After the American Revolution the young nation
was torn by unsettled economic conditions and a severe depression. Paper money
was in circulation, but little of it was honored at face value. Merchants and
other "sound money" men wanted currencies with gold backing. In
Massachusetts the "sound money" men controlled the government. Most
of those who were harmed by the depression were property-less and thus unable
to vote. The quarrel grew until thousands of men in the western counties rose
in armed revolt. They were led by Daniel Shays (1747-1825), a captain during the
American Revolution. Shays' Rebellion lasted from August 1786 to February 1787.
The agitators objected to heavy land and poll taxes, the high cost of lawsuits, high salaries of state officials, oppressive court decisions, and dictatorial rulings of the state senate. In Northampton on August 29 the mob succeeded in keeping the courts closed so debtors could not be tried and put into prison. Fearful of being tried for treason for this action, Shays and his men broke up the state Supreme Court session at Springfield the following month. The revolt took a more serious turn when Shays and a force of 1,200 men returned to Springfield in January to capture the arsenal. Action by the national government prevented the attack on January 25. Most of the insurgents were captured in early February, ending the rebellion. The leaders were condemned to death for treason but were later pardoned. Shays himself later received a war pension for his service in the American Revolution.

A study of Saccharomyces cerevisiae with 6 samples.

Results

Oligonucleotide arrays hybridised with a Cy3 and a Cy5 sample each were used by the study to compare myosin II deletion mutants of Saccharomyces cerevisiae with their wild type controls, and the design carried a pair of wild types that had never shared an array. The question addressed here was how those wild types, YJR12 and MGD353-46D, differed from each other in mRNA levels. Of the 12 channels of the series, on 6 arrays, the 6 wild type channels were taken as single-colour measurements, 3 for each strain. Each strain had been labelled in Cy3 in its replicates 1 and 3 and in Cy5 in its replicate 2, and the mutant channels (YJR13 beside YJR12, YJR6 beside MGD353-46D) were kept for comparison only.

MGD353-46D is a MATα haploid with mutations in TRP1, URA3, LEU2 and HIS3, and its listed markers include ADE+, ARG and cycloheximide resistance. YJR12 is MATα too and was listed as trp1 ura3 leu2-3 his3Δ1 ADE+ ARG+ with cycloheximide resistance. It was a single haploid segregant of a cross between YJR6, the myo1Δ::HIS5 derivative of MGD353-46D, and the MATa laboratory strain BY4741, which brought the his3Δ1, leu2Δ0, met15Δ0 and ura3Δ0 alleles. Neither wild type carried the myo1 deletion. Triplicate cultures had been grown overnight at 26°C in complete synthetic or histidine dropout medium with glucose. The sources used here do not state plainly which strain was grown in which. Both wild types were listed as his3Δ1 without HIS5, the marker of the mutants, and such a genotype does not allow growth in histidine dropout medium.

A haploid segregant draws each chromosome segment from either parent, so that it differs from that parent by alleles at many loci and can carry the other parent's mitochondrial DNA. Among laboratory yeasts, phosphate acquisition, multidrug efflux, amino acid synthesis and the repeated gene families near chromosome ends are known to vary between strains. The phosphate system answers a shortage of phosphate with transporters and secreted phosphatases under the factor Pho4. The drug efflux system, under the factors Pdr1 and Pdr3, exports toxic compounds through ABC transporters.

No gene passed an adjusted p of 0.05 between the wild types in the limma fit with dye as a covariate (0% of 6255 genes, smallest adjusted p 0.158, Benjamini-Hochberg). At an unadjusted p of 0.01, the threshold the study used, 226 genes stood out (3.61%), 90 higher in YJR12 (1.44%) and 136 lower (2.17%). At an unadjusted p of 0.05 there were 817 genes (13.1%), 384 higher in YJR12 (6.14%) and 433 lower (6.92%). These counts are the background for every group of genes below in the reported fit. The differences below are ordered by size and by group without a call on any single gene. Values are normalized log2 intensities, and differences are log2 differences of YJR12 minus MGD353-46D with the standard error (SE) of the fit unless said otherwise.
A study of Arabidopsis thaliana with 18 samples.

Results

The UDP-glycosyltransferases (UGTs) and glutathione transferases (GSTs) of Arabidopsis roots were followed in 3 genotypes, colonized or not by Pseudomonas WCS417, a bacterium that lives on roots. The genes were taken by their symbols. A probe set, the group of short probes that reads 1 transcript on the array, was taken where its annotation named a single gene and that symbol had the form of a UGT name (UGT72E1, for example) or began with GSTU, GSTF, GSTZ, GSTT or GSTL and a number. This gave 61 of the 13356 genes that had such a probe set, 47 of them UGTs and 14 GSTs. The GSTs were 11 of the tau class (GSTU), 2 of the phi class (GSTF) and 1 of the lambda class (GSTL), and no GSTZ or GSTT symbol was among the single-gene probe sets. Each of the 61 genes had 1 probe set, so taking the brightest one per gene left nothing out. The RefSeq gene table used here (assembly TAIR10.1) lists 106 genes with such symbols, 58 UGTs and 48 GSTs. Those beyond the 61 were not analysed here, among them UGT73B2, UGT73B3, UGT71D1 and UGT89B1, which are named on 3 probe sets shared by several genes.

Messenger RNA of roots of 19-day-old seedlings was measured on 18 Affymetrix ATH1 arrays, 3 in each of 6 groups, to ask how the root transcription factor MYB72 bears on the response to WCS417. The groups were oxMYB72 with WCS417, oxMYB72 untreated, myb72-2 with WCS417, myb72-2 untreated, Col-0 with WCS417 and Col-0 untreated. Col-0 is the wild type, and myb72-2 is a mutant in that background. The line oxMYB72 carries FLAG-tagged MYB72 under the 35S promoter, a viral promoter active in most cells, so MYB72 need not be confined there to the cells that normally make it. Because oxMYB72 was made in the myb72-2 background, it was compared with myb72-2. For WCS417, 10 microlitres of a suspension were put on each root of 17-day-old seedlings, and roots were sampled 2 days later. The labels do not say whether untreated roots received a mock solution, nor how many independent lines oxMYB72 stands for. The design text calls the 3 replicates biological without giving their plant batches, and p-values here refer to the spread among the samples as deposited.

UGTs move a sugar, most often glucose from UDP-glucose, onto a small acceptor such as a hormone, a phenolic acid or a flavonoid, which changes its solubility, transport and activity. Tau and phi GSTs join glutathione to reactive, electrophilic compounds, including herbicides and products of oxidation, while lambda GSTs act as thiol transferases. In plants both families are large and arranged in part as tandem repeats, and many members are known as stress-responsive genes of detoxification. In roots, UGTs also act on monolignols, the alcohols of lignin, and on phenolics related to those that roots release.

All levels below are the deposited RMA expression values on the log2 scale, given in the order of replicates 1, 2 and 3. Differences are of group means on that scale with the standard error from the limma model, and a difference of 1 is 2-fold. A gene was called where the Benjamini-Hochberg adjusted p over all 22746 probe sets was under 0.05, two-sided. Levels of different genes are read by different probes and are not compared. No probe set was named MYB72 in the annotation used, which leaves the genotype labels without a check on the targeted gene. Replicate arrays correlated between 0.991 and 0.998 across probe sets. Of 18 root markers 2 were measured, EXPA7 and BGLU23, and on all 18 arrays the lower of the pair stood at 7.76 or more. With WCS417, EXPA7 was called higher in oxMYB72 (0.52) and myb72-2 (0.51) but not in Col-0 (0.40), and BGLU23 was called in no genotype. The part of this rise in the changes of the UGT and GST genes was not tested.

Shays' Rebellion was one of several disturbances in different states. It hastened the movement for a federal government strong enough "to ensure domestic tranquility," as stated in the preamble to the Constitution, which established the United States.
Feidel, F., and May, E., eds., Shays's Rebellion (1989);
Kaufman, M., ed., Shays's Rebellion: Selected Essays (1987);
Starkey, M.L ., A Little Rebellion (1955);
Taylor, R.J., Western Massachusetts in the Revolution (1954).